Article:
Epithelioid sarcoma is a rare, slow-growing type of soft tissue cancer. Most cases begin in the soft tissue under the skin of a finger, hand, forearm, lower leg or foot, though it can start in other areas of the body.
Typically, epithelioid sarcoma starts as a small firm growth or lump that's painless. It usually starts out as a single growth, but multiple growths may occur by the time a person seeks medical help. Sometimes this sarcoma appears as ulcers that don't heal, looking like open wounds over the growths.
The classic form (distal-type) of epithelioid sarcoma mainly occurs in teenagers and young adults. A rarer form, called large-cell (proximal-type) epithelioid sarcoma, tends to be more aggressive and mainly affects adults.
Epithelioid sarcoma tends to have a high rate of recurrence and can spread to other areas. So if epithelioid sarcoma is suspected, it's best to seek care at a comprehensive cancer center that sees more cases of soft tissue sarcoma to ensure proper diagnosis and treatment, and to help prevent the cancer from recurring.
Epithelioid sarcoma can be difficult to diagnose because it may be confused with other conditions that have similar signs. For example, an ulcer on the skin that isn't healing could be mistaken for a skin infection.
Tests and procedures used in diagnosis of epithelioid include:
- Imaging. Magnetic resonance imaging (MRI) is typically the method of imaging because of the level of detail it provides. Sometimes other imaging tests, such as computed tomography (CT) or positron emission tomography (PET), may be used.
- Biopsy. The doctor performs a biopsy using a long, thin needle to remove a sample of the suspected sarcoma or a larger lump for testing in a lab. Sometimes a biopsy sample is removed during surgery. A pathologist analyzes the sample to determine whether it's cancer, and if so, the type and whether it's aggressive.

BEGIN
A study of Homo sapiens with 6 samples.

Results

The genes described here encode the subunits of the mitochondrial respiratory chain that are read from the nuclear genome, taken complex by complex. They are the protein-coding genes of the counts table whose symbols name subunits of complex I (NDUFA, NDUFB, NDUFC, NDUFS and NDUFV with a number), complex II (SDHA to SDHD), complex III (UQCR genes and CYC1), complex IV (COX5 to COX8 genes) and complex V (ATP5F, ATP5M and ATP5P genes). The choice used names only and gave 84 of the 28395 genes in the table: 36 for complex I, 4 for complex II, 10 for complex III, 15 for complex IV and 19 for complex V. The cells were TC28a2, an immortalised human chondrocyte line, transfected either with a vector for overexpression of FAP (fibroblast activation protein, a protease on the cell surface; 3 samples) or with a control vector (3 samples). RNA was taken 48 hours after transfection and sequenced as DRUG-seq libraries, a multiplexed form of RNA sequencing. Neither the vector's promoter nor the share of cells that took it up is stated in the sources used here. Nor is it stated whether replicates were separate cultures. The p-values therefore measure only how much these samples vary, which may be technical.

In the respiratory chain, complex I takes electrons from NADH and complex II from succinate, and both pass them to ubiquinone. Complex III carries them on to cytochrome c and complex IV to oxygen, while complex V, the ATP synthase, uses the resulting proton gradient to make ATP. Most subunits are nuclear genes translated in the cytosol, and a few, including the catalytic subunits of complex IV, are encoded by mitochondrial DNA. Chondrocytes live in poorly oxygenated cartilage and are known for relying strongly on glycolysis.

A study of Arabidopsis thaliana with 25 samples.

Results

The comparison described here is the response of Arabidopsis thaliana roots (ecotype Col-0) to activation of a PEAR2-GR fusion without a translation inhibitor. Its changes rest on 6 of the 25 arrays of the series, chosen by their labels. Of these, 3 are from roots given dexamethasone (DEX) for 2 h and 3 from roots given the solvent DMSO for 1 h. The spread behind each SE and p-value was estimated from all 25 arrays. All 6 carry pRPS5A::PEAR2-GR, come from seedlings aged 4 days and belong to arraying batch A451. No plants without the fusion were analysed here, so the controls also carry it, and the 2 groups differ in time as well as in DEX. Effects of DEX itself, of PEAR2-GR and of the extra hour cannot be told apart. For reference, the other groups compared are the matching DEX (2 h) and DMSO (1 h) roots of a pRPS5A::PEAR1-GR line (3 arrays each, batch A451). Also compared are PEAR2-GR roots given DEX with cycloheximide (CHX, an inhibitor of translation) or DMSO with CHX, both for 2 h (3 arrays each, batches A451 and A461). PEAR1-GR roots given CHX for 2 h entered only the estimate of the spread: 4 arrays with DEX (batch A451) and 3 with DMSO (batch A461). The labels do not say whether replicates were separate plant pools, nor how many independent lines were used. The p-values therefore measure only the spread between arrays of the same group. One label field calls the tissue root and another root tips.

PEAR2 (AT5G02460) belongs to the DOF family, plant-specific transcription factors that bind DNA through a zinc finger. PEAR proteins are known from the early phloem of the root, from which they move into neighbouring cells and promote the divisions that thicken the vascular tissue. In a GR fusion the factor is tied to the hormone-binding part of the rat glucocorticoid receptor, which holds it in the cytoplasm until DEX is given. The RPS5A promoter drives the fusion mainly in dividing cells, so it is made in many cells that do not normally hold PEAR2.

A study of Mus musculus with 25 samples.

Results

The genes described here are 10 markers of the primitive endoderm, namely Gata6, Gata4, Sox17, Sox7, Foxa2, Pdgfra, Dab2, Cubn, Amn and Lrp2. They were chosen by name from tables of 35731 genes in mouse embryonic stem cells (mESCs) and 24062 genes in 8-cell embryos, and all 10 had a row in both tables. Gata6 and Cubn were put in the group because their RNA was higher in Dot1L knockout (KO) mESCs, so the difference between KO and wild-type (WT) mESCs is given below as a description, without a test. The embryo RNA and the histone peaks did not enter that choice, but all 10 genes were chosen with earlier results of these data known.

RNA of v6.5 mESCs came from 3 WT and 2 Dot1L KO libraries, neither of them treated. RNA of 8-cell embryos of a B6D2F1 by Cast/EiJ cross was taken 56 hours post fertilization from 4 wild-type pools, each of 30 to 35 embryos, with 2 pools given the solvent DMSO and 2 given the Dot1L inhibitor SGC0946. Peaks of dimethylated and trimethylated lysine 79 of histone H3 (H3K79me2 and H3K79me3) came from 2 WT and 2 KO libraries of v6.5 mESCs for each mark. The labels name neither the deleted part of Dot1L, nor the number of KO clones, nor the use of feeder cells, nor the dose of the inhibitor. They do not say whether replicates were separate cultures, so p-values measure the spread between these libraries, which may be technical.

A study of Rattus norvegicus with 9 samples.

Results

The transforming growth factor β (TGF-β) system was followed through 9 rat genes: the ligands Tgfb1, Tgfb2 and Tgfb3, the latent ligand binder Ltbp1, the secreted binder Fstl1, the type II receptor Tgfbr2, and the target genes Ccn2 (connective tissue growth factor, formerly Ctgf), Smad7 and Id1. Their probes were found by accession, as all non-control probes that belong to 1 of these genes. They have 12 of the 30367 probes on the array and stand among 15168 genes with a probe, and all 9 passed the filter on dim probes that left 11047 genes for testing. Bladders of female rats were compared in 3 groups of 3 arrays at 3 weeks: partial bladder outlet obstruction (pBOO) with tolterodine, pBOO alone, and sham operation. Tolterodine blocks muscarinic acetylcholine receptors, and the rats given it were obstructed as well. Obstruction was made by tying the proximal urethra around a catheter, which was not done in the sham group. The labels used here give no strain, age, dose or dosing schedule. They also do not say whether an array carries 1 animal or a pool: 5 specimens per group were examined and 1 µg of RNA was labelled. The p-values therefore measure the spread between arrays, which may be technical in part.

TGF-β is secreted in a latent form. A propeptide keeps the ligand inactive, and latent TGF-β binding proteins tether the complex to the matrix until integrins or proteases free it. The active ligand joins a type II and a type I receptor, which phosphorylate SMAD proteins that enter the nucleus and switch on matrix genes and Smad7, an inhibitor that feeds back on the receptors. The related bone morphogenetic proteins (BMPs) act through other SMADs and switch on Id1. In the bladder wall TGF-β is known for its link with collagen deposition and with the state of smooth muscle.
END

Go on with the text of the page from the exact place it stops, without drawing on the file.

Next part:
Surgery is the most common treatment for epithelioid sarcoma, but other treatments may be used in addition to surgery.
- Surgery. Surgery generally involves removing the cancer and a margin of healthy tissue surrounding it to help prevent recurrence. In severe cases, depending on the size, depth and location of the cancer, there's a rare possibility that part of the affected limb would need to be amputated, but surgeons try their best to avoid doing this.
- Radiation therapy. Radiation therapy uses high-energy beams, such as X-rays or protons, to kill cancer cells. Radiation therapy is sometimes used before surgery to shrink the tumor and reduce the risk of the cancer returning, and after surgery to help reduce the risk of recurrence.
- Chemotherapy. Chemotherapy uses drugs to kill cancer cells. Chemotherapy appears to be less effective in treating epithelioid sarcoma compared with other cancers, though it's sometimes used in addition to surgery or when the cancer has spread.
- Clinical trials. Clinical trials are studies of new treatments. These studies provide a chance to try the latest treatment options, but the risk of side effects may not be known. Targeted cancer therapies — drugs or other substances that target certain molecules to block cancer growth — show promise in the treatment of epithelioid sarcoma. Ask your doctor about the availability of clinical trials, including the potential risks and benefits.